Eleven cooperatives send crews to storm-damaged Kentucky, Virginia
Eleven Indiana electric cooperatives sent crews and equipment to assist with the power restoration efforts in Kentucky and Virginia after ice storms moved through the states.
Twelve electric cooperative lineworkers were dispatched to Licking Valley Rural Electric Cooperative in West Liberty, Kentucky, to assist in the power recovery effort after more than half of the electric distribution cooperative’s consumers were left without electricity. The responding crews represent three of Indiana’s electric cooperatives: Hendricks Power Cooperative (Avon), Marshall County REMC (Plymouth), and South Central Indiana REMC (Martinsville).
An additional 26 electric cooperative lineworkers are assisting Southside Electric Cooperative in Crewe, Virginia, with its power restoration efforts. The cooperative’s 18-county service territory suffered extensive damage. The responding crews represent eight of Indiana’s electric cooperatives: Clark County REMC (Sellersburg), Harrison REMC (Corydon), Henry County REMC (New Castle), JCREMC (Franklin), Steuben County REMC (Angola), Tipmont REMC (Linden), Utilities District of Western Indiana REMC (Bloomfield), and Whitewater Valley REMC (Liberty).
“Every cooperative in the Indiana Electric Cooperatives family is an integral part of a state and national network of hundreds of fellow cooperatives,” said Jon Elkins, vice president of safety, training and compliance for Indiana Electric Cooperatives. “It is incumbent upon us to work together and help one another in times of disaster, to make sure our power delivery systems are repaired as quickly, safely and cost-effectively as possible.”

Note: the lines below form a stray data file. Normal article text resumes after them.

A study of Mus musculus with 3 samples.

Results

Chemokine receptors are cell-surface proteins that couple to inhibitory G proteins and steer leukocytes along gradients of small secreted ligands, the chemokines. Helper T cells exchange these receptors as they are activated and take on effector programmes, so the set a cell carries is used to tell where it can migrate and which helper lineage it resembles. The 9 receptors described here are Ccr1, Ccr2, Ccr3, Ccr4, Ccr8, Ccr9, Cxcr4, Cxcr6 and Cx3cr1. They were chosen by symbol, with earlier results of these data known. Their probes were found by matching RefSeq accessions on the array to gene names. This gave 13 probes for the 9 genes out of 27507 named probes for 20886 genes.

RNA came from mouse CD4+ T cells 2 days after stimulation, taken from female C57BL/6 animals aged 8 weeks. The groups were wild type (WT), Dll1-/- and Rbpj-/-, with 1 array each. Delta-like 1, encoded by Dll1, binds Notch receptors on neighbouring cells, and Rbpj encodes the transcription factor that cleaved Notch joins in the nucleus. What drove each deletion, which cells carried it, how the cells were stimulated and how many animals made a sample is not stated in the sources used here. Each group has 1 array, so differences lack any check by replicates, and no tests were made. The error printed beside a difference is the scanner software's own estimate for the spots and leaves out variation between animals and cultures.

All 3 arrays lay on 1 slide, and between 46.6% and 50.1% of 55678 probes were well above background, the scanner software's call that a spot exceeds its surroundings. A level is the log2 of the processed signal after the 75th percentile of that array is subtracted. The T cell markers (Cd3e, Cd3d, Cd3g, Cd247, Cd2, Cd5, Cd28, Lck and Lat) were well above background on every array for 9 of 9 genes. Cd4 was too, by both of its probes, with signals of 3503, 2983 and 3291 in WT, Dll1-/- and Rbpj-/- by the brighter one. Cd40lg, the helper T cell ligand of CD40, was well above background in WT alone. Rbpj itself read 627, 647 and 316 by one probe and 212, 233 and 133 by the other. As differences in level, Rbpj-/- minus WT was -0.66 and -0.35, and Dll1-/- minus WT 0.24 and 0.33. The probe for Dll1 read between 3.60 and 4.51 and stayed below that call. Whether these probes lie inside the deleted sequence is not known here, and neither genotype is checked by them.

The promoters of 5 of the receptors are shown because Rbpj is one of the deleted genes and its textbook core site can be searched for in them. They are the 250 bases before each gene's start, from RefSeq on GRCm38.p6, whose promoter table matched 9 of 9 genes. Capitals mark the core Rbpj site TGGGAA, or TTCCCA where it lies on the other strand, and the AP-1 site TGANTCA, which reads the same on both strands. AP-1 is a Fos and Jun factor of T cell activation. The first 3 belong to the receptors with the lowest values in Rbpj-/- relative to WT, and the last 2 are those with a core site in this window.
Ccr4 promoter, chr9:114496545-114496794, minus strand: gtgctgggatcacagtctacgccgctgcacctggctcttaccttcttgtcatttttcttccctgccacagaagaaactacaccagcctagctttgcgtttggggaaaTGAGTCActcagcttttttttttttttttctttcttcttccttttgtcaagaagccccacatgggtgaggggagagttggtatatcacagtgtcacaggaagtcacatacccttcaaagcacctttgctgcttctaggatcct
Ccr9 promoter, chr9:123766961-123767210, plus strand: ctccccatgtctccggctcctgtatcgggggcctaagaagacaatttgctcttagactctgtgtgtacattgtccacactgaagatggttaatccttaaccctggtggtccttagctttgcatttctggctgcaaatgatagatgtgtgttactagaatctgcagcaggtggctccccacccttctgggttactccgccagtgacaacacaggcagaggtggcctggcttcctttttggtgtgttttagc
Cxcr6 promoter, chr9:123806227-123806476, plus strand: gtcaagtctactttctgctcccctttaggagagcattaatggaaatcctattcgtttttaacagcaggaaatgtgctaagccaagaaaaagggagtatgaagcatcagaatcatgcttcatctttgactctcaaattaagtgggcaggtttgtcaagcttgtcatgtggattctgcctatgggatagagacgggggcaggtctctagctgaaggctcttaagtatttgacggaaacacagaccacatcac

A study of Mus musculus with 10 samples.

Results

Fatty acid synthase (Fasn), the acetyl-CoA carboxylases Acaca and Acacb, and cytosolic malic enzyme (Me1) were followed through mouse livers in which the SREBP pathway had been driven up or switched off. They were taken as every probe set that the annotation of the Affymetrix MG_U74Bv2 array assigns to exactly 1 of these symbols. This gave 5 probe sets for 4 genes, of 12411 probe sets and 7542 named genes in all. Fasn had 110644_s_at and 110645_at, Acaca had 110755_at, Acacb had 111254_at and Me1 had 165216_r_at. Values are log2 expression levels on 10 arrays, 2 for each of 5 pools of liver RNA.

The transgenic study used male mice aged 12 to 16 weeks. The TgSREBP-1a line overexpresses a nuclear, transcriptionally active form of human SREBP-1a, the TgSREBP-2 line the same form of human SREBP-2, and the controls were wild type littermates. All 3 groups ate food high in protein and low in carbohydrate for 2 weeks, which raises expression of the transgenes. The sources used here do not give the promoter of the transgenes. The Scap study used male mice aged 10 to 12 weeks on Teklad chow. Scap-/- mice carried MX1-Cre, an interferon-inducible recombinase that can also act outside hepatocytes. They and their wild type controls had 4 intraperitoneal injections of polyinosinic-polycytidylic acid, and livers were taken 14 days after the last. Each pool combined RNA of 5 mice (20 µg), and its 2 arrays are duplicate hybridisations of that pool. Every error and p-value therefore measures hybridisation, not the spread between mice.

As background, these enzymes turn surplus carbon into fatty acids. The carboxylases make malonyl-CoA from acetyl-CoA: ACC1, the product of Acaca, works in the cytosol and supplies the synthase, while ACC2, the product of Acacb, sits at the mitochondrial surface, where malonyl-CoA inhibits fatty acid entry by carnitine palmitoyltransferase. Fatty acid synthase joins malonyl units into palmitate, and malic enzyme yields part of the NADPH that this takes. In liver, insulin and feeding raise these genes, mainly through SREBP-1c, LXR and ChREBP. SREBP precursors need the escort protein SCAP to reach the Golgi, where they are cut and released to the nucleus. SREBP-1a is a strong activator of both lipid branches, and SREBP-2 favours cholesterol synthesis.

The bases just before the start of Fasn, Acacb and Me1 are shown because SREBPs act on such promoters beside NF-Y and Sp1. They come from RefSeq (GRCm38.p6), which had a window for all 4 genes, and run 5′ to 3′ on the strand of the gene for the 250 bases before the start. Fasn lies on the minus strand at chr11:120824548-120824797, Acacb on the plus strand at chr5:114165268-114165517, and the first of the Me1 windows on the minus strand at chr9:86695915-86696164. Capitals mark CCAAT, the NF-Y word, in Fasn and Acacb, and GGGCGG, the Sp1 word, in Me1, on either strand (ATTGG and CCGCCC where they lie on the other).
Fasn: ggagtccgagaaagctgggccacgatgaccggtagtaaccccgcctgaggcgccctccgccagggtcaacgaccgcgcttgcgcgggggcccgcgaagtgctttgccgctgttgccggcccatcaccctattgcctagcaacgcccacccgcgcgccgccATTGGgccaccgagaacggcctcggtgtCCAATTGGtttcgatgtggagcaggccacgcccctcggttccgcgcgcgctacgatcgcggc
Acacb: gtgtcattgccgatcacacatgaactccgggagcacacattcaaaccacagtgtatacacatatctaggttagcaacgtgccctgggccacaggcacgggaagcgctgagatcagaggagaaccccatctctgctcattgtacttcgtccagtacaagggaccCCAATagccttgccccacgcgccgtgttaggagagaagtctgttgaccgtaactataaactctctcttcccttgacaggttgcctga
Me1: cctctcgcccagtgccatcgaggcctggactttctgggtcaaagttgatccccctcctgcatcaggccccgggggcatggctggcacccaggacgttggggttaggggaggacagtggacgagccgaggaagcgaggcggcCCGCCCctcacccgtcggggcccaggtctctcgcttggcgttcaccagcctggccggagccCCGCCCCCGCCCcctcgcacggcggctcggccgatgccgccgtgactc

“We take care of emergency needs at home first, but our crews are eager to help those in need,” said Elkins. “They take a tremendous amount of pride in representing their home cooperative and the state of Indiana. They represent us well with how hard, professionally and safely they work.”
Regardless of the circumstance, it is important to remember safety around downed power lines. Always assume a downed power line is still energized. If you see a downed line, stay away and contact your electric utility. Additionally, stay away from limbs or trees in contact with downed lines because they can be conductors of electricity.